Chimamanda Ngozi Adichie, award-winning Nigerian novelist well-known for her books Half of a Yellow Sun and We Should All Be Feminists, is one of the critics that has publicly spoken about the (mis)framing of the African continent in western media. In her TED talk The Danger of A Single Story, she doesn’t talk particularly about the framing in media, nor about NGOs or aid. Rather, she zooms out on the complex discussion and consequences of stereotypes alive in all kind of sectors within society and shares her personal experience on the matter. She points out that “If I had not grown up in Nigeria and if all I knew about Africa were from popular images, I too would think that Africa was a place of beautiful landscapes, beautiful animals and incomprehensive people fighting senseless wars, dying of poverty and aids, unable to speak for themselves and waiting to be saved by a kind white foreigner.”
But, Adichie is not the only one warning the world about the misrepresentation of the mighty continent. As mentioned, there are several journalists, writers and economists that criticise this one-eyed view portrayed in NGO campaigns. Among them is Andrew Mwenda. He is a Ugandan journalist and founder of the newspaper The Independent, which motto is: you buy the truth, we pay the price. And that is not just a pay-off. Mwenda has been arrested and accused several times for publishing stories that would contain harmful content in the eyes of the Ugandan government. Besides being a critical journalist, he’s also well known for his critique on foreign aid. During his TED talk, of which the name (Aid for Africa? No thanks) speaks for itself, he not only talked about the danger of aid for building African democracies but also highlighted the consequences of the framing in NGOs media messages. “By displaying despair, helplessness and hopelessness the media is telling the truth about Africa, and nothing but the truth. However, the media is not telling us the whole truth.” According to Mwenda the dominant frame of NGO communication should move from poverty reduction to a frame of wealth creation. Instead of highlighting the rather negative circumstances it should be a challenge of hope.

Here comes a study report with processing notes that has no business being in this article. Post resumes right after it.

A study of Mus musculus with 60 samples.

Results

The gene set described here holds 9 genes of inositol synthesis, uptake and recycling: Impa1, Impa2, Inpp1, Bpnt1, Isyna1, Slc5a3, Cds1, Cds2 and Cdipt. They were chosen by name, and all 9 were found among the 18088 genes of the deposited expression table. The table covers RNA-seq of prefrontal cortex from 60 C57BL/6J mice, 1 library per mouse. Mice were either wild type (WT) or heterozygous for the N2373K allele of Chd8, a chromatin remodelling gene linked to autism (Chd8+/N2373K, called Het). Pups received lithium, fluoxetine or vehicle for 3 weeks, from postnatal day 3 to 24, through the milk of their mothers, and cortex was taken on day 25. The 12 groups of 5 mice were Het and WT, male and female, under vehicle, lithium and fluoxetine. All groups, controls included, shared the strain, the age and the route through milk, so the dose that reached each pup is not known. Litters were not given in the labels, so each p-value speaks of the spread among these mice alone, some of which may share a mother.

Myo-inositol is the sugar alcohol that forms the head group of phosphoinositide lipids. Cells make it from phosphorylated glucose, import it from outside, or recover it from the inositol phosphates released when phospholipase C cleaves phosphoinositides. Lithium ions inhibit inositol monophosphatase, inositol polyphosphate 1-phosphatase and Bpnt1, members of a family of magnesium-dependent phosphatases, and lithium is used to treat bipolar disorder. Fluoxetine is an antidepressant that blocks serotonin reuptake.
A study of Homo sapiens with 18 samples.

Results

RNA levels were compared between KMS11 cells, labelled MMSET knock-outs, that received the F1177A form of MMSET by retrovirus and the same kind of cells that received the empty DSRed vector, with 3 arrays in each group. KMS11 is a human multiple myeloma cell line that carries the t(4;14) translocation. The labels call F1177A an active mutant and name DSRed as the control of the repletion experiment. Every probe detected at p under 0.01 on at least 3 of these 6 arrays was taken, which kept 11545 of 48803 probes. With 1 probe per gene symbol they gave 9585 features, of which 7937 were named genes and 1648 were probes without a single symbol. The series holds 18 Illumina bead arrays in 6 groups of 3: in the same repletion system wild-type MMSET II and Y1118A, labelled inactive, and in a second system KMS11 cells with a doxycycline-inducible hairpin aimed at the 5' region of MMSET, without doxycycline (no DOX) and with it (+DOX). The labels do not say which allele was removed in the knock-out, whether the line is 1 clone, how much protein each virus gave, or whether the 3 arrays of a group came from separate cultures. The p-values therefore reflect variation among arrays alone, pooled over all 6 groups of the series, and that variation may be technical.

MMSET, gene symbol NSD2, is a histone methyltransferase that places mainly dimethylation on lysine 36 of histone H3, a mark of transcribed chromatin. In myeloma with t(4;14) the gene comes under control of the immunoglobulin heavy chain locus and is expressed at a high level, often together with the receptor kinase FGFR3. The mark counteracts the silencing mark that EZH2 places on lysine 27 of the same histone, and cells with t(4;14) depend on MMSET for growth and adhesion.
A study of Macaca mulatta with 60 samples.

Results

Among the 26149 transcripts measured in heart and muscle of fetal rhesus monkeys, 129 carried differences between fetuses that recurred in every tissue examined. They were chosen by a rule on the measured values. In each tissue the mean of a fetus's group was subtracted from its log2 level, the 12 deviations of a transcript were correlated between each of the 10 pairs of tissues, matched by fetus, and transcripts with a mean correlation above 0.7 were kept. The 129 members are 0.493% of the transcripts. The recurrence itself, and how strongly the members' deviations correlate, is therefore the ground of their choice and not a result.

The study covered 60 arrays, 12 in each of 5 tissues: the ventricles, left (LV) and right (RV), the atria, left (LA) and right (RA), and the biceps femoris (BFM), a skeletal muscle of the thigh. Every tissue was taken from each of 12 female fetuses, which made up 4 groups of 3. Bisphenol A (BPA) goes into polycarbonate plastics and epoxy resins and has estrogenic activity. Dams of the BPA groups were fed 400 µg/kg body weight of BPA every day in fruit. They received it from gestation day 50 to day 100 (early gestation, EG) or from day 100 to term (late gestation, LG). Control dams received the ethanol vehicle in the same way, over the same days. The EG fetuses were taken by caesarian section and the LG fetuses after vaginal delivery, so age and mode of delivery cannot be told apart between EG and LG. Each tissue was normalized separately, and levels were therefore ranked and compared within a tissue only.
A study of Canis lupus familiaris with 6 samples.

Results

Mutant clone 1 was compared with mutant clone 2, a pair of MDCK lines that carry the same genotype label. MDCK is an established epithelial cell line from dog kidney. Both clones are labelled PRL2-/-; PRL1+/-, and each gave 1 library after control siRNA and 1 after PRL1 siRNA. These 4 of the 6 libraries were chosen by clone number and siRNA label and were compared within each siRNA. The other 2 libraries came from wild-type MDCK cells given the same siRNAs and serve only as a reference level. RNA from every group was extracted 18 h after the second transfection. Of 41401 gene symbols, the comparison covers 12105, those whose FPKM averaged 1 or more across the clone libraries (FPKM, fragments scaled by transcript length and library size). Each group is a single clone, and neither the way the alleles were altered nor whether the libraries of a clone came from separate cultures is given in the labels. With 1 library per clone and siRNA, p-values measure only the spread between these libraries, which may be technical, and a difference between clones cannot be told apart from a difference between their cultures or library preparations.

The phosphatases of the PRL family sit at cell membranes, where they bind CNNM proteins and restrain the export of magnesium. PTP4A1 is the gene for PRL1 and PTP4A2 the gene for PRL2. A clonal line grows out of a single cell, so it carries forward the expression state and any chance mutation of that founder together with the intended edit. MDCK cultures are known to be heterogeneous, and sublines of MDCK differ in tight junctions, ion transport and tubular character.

Speaking of hope, several studies have found that there is an on-going shift amongst NGOs towards the use of more positive and diverse images of the continent. As Dogra points out in her book, NGOs too believe that a positive change has been made in the recent years towards showing a more active attitude of the locals, underlining their initiatives and strength. Yet there remains criticism that these ‘positive’ frames are not always accommodated of enough context. The discussion about telling ‘the whole story’ therefore should maybe not only be about the choice between rather ‘positive’ or ‘negative’ images, but most essentially be about putting them in the bigger picture of current and past global relations.
A step towards regaining a more diverse and comprehensive view of the African continent could be, as Adichie says, “When we realize that there is never a single story about any place” and that like Dogra mentioned, every story is embedded in a larger context. Because when it comes to stories like Jon’s, there is more that connects us than just humanity.